By Stephen Gill
Companies have long thought of employee learning as something that happens in a classroom, delivered by a trainer away from the worksite, with content and activities selected by an instructional designer. Managers, as well as trainers, have come to believe that good training can solve any performance problem. This is antiquated thinking.
The problem is not with the quality of training. We have become very good at designing and delivering excellent training programs, whether face-to-face or online, synchronous or asynchronous. From resources such as ATD, the eLearning Guild, and Bob Pike, we have become proficient at creating interactive, engaging courses that employees enjoy and rate highly. The problem is that these courses do not have much impact on our organizations, and the formal training mode of learning is becoming less and less relevant in companies today.
The workplace has changed, and learning professionals need to change with it. Workers no longer need to make, fix, or sell things or provide basic services. However, they do have to be smarter, more agile, and more innovative than ever.
As automation and robotics improve, the demand for globalization increases, and our workplaces become more multigenerational and diverse, an organization’s competitive advantage will be in the application of its collective knowledge and expertise, not in how many excellent courses it offers.
This means that organizations need to develop a culture that supports learning. Organizational culture, according to Edgar Schein, has three levels: deep underlying beliefs and assumptions, values and principles that structure action, and the symbols and artifacts that are visible in the workplace. Culture shapes the behaviors of people in the organization. Do managers encourage employees to learn and develop competencies? Do employees have the opportunity to learn in the work flow? Are they allowed to seek out knowledge and skills on their own? Can they take risks and experiment? Are the structures and activities of the organization aligned with sharing information among business units? Is the workplace conducive to social learning?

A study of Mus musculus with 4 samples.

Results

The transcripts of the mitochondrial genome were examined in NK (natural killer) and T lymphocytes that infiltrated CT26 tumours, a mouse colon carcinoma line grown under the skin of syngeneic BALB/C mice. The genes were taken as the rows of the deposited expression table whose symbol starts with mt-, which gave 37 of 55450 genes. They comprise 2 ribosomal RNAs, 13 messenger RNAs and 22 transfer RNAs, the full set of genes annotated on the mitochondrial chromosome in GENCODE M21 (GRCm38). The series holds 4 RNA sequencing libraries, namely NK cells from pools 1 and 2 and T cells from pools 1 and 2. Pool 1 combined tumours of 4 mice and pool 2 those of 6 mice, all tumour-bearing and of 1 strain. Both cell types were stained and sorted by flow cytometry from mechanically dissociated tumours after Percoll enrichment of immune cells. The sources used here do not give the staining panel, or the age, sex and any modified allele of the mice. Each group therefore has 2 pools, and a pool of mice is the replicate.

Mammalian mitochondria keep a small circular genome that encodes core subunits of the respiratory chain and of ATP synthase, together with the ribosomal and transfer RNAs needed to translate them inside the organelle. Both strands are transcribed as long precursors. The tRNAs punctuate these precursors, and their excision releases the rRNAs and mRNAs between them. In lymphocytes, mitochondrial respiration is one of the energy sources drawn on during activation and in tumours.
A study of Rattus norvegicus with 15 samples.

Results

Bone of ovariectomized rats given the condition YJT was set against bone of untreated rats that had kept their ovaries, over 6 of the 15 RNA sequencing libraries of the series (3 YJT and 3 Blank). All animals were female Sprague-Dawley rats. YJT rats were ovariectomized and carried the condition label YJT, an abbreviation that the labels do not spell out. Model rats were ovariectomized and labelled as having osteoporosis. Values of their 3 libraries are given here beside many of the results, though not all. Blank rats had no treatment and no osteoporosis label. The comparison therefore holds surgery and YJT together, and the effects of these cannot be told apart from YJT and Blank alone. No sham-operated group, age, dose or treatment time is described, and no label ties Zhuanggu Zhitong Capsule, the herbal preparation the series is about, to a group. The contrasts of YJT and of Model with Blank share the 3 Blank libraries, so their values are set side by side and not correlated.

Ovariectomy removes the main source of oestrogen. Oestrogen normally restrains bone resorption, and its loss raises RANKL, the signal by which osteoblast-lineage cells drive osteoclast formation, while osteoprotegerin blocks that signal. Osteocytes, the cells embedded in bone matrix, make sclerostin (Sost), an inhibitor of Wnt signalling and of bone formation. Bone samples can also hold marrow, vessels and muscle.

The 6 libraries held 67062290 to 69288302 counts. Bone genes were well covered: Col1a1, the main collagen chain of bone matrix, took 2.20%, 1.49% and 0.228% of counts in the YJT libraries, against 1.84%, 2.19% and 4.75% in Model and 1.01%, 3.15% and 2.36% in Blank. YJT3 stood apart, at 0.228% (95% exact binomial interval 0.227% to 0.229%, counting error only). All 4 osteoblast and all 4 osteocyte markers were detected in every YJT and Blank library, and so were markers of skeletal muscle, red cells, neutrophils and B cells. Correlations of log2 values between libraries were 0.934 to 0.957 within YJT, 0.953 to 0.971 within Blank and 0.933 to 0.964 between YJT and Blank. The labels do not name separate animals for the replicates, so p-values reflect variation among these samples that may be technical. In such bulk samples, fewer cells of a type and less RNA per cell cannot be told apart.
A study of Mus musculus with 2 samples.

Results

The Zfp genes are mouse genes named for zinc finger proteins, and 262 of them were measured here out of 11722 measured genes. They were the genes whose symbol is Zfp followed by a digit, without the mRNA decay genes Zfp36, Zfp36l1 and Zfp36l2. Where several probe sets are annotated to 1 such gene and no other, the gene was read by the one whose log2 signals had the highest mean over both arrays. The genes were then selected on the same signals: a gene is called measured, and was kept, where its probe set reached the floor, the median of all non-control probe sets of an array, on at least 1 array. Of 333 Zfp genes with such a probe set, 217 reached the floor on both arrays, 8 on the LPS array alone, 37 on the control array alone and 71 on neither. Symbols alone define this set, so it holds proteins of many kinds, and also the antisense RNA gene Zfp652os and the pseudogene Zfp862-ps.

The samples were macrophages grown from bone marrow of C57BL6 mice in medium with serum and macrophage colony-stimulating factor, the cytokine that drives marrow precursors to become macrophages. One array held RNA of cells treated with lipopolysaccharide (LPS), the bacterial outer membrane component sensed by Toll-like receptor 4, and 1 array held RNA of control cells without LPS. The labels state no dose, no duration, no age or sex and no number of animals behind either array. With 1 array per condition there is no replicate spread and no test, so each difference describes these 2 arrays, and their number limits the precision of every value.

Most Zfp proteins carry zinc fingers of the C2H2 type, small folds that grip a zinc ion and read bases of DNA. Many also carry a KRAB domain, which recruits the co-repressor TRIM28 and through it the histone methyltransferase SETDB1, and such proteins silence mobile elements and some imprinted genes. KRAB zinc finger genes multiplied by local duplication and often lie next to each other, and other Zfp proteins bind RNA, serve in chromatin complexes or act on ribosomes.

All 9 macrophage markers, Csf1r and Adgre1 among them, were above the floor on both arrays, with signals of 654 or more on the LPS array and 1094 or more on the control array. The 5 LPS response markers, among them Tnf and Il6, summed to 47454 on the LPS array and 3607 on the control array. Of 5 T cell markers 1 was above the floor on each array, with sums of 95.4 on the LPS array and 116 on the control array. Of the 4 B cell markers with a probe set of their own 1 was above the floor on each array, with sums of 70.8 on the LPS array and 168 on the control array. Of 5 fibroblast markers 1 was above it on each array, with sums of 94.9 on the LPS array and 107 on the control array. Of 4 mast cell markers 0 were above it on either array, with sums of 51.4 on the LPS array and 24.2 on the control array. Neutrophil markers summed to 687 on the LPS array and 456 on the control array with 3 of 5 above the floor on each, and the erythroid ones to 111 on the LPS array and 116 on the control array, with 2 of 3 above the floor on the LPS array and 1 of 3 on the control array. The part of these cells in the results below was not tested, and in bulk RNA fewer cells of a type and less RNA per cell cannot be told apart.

As the chart shows, in a training culture, responsibility for employee learning resides with instructors and training managers. In that kind of culture, the assumption is that trainers, under the direction of a chief learning officer (CLO), drive learning. In contrast, in a learning culture, responsibility for learning resides with employees, managers, and teams. In that kind of culture, employees are expected to seek knowledge and skills and apply that learning when and where it is needed.
In a training culture, the assumption is that the most important learning happens in events, such as workshops, courses, e-learning programs, and conferences. In a learning culture, it’s assumed that learning happens all the time, at events but also on the job, socially, through coaches and mentors, from action-learning, from smartphones and tablets, and from experimenting with new processes.
In a training culture, the training and development function is centralized. The CLO, HR, or a training department controls the resources for learning. Employees and their managers assume that if new competencies are needed, they can rely on this centralized function. In a learning culture, learning is decentralized. The entire organization is engaged in facilitating and supporting learning, in and outside the workplace.
In a training culture, departmental units in the organization compete for information. Each unit wants to know more and control more than the other units. This competition can result in short-term gains for those units and even for the organization as a whole. In a learning culture, knowledge and skills are shared freely among units. Everyone is working to help everyone else learn from the successes and failures across the organization. This creates a more sustainable and adaptable organization.
In a training culture, the learning and development function is evaluated on delivery of programs and materials. Typically, what matters to management are the courses that were offered and how many people attended. In a learning culture, what matters are the knowledge and skills acquired and applied in the workplace and the impact on achieving the organization’s strategic goals. It’s less about output and more about the difference that learning makes for individuals, teams, and the entire organization.
As long as CEOs think of training as the panacea for low performance and learning, and professionals continue to push training events on their clients, nothing will change. Only when organizations realize that they need knowledgeable and skilled employees who are creative and innovative, continuously learning, and thinking about how to be more effective in the workplace will they truly become 21st-century organizations.
About the Author
Stephen is the co-owner of www.Learning2BGreat.com, a marketplace for organizational learning tools, and also owner and principal of Stephen J. Gill Consulting. Steve’s expertise is in creating learning cultures in organizations and measuring the impact of learning and performance improvement interventions. He has done this work for more than 25 years, since leaving the faculty of the University of Michigan, School of Education. He has written extensively about these topics. His most recent books are Getting More From Your Investment in Training: The 5As Framework, published by RealTime Performance in 2009, Developing a Learning Culture in Nonprofit Organizations, published by Sage Publications in 2010, and Communication in High Performance Organizations: Principles and Best Practices, published as Kindle ebook in 2011. Steve also posts regularly on The Performance Improvement Blog. He serves his community as an elected trustee of Washtenaw Community College.